Bob LaFord, of Craig, performs for residents and staff at Sandrock Ridge Care and Rehabilitation Center on a recent Saturday. LaFord began playing guitar when he was a teenager and has been playing at Sandrock Ridge for about seven years. “It brings back memories of times when (the residents) were young,” said Dewetta McKnight, Sandrock Ridge activities assistant. “I think it just brings them into a better place.”

Photo by Joe Moylan

Bob LaFord, of Craig, performs for residents and staff at Sandrock Ridge Care and Rehabilitation Center on a recent Saturday. LaFord began playing guitar when he was a teenager and has been playing at Sandrock Ridge for about seven years. “It brings back memories of times when (the residents) were young,” said Dewetta McKnight, Sandrock Ridge activities assistant. “I think it just brings them into a better place.”

Craig musician lends his voice to residents at Sandrock Ridge


Name: Bob LaFord

Age: 62

Residence: Craig

Occupation: Concrete mixer for Steamboat Springs-based TCC Concrete

— Volunteer activity: Performing music for residents at Sandrock Ridge Care and Rehabilitation Center.

Quotable

“It’s not that I have to do it. I just love to do it.” — Bob LaFord, a local musician, about why he volunteers to play for residents at Sandrock Ridge Care and Rehabilitation Center.

Every other Saturday, local musician Bob LaFord performs for devoted fans.

He begins each show with a rendition of Roger Miller’s “Walking in the Sunshine.”

He always ends with “Show Me the Way to Go Home,” a popular tune from the 1920s, which he sings as he strums his guitar.

In between, he plays a motley assortment of pieces —“Home on the Range” and “Give My Regards to Broadway,” sometimes with a few tunes by Buddy Holly or Elvis Presley thrown in.

“You’ve got to do a little bit of Elvis Presley,” LaFord said.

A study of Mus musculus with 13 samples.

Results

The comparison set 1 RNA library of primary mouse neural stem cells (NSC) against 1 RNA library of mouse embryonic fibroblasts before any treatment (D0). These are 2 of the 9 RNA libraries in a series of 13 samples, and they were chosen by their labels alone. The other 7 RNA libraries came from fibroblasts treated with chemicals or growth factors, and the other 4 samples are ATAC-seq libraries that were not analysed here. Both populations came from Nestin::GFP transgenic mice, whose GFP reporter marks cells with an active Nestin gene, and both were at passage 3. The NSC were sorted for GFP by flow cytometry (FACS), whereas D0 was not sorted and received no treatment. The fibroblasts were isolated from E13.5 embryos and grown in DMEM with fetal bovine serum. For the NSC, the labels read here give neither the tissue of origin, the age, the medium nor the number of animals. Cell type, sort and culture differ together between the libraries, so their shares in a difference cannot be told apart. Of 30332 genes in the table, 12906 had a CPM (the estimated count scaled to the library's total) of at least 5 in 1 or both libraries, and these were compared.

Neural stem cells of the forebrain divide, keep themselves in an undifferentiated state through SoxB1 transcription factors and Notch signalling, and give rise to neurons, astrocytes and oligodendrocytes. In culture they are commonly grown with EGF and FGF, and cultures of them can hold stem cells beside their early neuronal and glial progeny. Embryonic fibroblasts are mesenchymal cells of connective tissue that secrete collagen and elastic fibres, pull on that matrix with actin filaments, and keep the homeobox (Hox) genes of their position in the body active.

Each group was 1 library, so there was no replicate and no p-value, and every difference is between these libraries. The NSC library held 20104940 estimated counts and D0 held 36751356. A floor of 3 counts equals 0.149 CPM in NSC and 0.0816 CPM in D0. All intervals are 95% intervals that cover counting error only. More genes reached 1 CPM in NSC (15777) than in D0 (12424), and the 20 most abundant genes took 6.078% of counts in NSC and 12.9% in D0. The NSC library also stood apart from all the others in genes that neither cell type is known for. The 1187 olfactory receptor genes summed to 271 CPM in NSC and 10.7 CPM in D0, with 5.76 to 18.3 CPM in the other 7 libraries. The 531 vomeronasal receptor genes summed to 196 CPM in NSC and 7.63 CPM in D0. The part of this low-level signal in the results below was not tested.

He plays because he can, and because his audience — the residents at Sandrock Ridge Care and Rehabilitation Center—love to hear him.

“It’s not that I have to do it,” he said. “I just love to do it.”

The music he plays at Sandrock Ridge is vastly different from the one he cultivated when he first began playing guitar in 1967.

Back in those days, LaFord was a 17-year-old who was about blues and rock and roll, he said, particularly Bob Dylan.

“Bob Dylan couldn’t sing and neither could I, so it worked out perfect,” he quipped.

Playing at Sandrock Ridge has made him broaden his horizons as a musician and required him to learn songs he probably wouldn’t otherwise play, he said.

LaFord, 62, has been playing at Sandrock Ridge for about seven years, enough time to expand his musical repertoire to include about 350 songs, he said.

The residents have varied musical tastes—from rock to country—and he tries to oblige them, even if it means going to the library to research songs he thinks they might like.

LaFord, one of many volunteers at Sandrock Ridge, believes music is a potent tool for reawakening their minds and hearts.

“Everybody has an emotional attachment to music,” he said.

Dewetta McKnight, Sandrock Ridge activities assistant, can attest to the power familiar songs can have on the center’s residents.

“It brings back memories of times when they were young,” she said. “I think it just brings them into a better place.”

As for the residents’ attachment to LaFord: “They love him,” McKnight said. “They look forward to him coming.”

Through the years, LaFord has come to know many members of his audience.

Yet many of the people he remembers fondly are no longer there.

“It is hard when they pass on,” he said. “But it’s just a fact of life.”

His aim, he said, is to “try and make it enjoyable for them while they’re around.”

Even in the midst of loss, LaFord’s music has been a bright point in the lives of fans.

He remembered one in particular, late Craig resident Marion Jones, who enjoyed hearing LaFord play and loved one song in particular.

After Jones’ death, his family asked LaFord to play at the funeral.

He accepted, and he played Jones’ favorite song: “All My Exes Live in Texas.”

Jones’ wife, Katherine, “was just beaming,” LaFord said.